IATA: Western-built jet aircraft accident rate second lowest in aviation history

The accident rate for Western-built jet aircraft in 2009 was the second lowest in aviation history, according to the International Air Transport Association (IATA).

The 2009 global accident rate, which is measured in hull losses per million flights of Western-built jet aircraft, was 0.71. That is equal to one accident for every 1.4 million flights.

According to the IATA, this is a significant improvement of the 0.81 rate recorded in 2008 or one accident for 1.2 million flights. The 2009 rate was the second lowest in aviation history, just above the 2006 rate of 0.65. Compared to 10 years ago, the accident rate has been cut 36 percent from the rate recorded in 2000.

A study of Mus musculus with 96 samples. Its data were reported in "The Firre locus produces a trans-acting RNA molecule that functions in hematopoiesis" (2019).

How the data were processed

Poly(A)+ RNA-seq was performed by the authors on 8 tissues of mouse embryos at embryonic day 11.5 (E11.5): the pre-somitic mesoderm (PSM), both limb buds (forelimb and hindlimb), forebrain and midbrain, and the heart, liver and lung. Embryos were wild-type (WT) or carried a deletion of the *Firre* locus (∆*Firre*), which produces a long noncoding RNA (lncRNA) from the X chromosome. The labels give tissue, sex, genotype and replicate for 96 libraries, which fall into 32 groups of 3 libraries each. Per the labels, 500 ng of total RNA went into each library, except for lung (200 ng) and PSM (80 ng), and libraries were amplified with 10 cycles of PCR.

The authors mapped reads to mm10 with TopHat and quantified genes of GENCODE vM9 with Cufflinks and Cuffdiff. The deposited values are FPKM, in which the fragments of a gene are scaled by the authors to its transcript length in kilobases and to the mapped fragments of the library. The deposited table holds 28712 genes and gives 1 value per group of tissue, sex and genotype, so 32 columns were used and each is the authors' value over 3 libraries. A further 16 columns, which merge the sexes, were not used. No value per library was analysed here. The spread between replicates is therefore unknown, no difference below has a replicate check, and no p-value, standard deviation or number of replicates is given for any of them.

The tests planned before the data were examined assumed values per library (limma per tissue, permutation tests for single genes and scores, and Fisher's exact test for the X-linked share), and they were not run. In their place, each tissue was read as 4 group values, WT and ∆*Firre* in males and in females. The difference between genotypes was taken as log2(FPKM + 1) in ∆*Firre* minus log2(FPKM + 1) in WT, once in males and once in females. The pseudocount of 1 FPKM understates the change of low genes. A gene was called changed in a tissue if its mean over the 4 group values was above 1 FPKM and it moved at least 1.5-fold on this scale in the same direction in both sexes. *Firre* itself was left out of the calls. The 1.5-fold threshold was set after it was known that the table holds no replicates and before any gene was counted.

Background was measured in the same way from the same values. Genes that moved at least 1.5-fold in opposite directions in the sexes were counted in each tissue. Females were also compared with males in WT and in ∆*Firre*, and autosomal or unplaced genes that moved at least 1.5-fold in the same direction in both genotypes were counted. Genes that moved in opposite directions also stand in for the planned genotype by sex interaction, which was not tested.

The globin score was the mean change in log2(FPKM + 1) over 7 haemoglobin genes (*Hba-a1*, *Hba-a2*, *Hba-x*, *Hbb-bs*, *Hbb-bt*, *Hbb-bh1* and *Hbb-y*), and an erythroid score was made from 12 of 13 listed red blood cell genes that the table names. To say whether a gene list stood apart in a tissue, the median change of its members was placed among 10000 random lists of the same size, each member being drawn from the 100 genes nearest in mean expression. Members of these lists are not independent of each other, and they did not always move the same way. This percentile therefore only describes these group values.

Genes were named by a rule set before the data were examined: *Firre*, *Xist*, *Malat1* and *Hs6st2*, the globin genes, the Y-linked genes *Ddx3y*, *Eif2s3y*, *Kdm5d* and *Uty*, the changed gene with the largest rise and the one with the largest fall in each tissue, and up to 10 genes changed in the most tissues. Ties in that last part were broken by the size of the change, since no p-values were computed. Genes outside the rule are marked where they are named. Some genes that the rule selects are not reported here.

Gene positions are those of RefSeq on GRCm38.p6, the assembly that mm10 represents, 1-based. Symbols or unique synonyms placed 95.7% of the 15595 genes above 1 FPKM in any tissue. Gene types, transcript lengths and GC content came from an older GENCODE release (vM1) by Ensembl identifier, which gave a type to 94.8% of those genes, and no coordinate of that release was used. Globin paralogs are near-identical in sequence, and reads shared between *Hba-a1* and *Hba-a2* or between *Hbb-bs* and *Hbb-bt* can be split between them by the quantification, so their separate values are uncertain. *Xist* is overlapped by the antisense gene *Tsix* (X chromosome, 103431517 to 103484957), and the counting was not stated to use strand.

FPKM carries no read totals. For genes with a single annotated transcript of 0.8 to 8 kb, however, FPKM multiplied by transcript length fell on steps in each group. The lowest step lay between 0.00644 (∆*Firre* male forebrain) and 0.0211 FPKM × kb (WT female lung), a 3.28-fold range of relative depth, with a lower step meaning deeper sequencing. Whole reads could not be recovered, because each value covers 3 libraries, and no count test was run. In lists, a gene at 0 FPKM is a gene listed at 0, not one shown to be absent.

In absolute numbers, 2009 saw:

  • 2.3 billion people flew safely on 35 million flights (27 million jet, 8 million turboprop)
  • 19 accidents involving western built jet aircraft compared to 22 in 2008
  • 90 accidents (all aircraft types, Eastern and Western built) compared to 109 in 2008
  • 18 fatal accidents (all aircraft types) compared to 23 in 2008
  • 685 fatalities compared to 502 in 2008

“Safety is the industry’s number one priority. Even in a decade during which airlines lost an average of US$5 billion per year, we still managed to improve our safety record,” Giovanni Bisignani, IATA’s Director General and CEO, said in a news release. “Last year, 2.3 billion people flew safely. But every fatality is a human tragedy that reminds us of the ultimate goal of zero accidents and zero fatalities.”